Last night I attended a wedding. The reception was held in an old house with the most lovely courtyard. I sat with friends under a hazy moon, surrounded by latern-lit flower beds while “A Kiss to Build a Dream On” floated through the jasmine scented air.
This afternoon, Sam, Debi and I took advantage of the perfect afternoon and walked through the streets of the residential section south of broad. I usually walk down streets I have seen a million times, and I am always taken with something new. But today, we chanced upon some new streets. There was something about the way the sun shone through the gates and the wisteria rambled along rod iron fences, and I was smitten by my city all over again.
As I said before, beauty intrinsically gives birth to desire. We don’t look at a beautiful courtyard and walk away unaffected. We want to be in the midst of it, able to absorb all that it has hidden for those who have a key to the gate. Something about beauty produces a desire to have some sort of ownership over the particular object, even if only by means of a well taken photograph.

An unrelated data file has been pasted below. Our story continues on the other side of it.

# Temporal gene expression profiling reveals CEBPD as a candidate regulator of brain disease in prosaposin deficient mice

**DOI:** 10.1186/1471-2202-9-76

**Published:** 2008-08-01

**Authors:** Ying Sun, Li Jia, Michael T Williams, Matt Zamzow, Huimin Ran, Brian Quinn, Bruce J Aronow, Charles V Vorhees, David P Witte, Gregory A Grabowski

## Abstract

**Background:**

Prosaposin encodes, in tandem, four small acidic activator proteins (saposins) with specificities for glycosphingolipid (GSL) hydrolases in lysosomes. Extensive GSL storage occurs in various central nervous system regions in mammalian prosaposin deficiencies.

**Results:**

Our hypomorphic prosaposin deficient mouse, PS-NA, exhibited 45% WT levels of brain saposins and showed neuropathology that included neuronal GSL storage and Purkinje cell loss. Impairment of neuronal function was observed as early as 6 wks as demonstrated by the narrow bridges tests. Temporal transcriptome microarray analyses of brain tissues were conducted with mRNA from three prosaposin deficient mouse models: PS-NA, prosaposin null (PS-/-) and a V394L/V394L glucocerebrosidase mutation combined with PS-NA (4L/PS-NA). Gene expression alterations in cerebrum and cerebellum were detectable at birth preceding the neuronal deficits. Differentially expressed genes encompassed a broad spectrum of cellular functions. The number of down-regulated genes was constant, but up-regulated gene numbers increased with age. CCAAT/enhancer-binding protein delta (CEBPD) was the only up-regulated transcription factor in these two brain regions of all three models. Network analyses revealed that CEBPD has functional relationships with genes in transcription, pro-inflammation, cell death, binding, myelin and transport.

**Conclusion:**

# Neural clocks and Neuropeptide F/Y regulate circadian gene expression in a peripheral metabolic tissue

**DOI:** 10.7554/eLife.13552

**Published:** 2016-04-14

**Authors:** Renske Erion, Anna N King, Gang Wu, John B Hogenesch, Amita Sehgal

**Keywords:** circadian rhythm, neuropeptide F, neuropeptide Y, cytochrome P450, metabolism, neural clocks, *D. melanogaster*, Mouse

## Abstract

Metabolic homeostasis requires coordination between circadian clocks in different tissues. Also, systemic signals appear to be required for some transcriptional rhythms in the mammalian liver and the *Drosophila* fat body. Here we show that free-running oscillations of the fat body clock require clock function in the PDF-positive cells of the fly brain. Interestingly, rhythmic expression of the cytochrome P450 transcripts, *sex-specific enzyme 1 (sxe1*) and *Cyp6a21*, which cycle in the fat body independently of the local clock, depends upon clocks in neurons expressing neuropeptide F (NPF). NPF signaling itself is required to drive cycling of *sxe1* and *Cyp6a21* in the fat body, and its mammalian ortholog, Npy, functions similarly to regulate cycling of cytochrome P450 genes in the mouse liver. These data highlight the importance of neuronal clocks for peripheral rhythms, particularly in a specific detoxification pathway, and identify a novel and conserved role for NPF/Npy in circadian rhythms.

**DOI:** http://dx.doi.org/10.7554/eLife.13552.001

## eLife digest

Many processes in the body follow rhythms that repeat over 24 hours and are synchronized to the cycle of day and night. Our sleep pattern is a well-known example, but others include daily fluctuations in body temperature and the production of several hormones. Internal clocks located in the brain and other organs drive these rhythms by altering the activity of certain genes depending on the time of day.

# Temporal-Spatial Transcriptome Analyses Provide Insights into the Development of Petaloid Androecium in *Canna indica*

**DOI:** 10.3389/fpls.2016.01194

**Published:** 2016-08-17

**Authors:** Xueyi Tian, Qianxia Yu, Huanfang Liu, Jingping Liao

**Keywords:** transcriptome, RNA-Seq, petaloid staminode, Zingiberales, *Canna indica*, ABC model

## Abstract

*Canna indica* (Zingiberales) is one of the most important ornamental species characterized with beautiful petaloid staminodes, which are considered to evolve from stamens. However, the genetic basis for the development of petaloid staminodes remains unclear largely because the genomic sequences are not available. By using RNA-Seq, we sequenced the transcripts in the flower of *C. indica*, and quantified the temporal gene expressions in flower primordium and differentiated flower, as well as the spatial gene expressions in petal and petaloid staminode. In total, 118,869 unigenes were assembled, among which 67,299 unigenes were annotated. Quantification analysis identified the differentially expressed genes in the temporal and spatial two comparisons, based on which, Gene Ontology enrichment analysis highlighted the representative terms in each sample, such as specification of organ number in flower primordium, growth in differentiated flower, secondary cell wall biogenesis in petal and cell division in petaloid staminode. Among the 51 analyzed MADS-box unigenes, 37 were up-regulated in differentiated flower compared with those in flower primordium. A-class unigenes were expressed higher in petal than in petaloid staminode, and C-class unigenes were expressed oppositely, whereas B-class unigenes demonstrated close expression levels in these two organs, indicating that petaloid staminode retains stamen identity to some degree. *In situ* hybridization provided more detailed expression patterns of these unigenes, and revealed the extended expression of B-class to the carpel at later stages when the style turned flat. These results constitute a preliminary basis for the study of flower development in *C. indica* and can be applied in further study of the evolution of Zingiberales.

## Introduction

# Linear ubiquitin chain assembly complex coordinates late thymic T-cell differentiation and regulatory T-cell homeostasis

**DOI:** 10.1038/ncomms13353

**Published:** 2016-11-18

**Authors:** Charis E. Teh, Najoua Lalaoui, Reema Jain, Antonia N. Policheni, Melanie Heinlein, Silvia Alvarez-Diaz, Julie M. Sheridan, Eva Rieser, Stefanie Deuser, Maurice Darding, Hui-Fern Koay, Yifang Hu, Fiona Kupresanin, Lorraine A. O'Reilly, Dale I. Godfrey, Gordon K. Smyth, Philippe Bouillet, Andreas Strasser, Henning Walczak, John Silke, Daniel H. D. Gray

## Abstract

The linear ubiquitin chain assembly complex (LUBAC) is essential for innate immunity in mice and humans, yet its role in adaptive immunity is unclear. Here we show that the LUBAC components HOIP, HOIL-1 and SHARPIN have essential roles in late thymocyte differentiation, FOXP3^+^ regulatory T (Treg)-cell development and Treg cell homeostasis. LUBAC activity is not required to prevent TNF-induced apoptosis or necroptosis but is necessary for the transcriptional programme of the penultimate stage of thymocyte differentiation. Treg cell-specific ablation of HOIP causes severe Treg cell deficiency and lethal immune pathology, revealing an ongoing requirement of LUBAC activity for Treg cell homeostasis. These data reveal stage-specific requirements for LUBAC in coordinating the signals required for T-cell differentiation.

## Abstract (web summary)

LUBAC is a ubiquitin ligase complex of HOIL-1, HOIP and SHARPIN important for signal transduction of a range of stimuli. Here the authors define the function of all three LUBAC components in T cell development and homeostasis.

I think the most obvious residue of beauty is the need to share it with someone. And by “someone” I mean the type of person with whom it would be appropriate to hold hands. Why isn’t it satisfying to share beauty with a dearly adored friend? Is it that beauty is unavoidably tied to romance? Or is it that beauty awakens the heart to more than just itself?
Oh, the bitter sweetness of an awakened yet unengaged heart.
On a slightly less sappy note: In light of the Courtyards in Charleston are the horticultural equivalence to sexual tension post, Sam said, “We’re gonna need a cigarette after this walk.”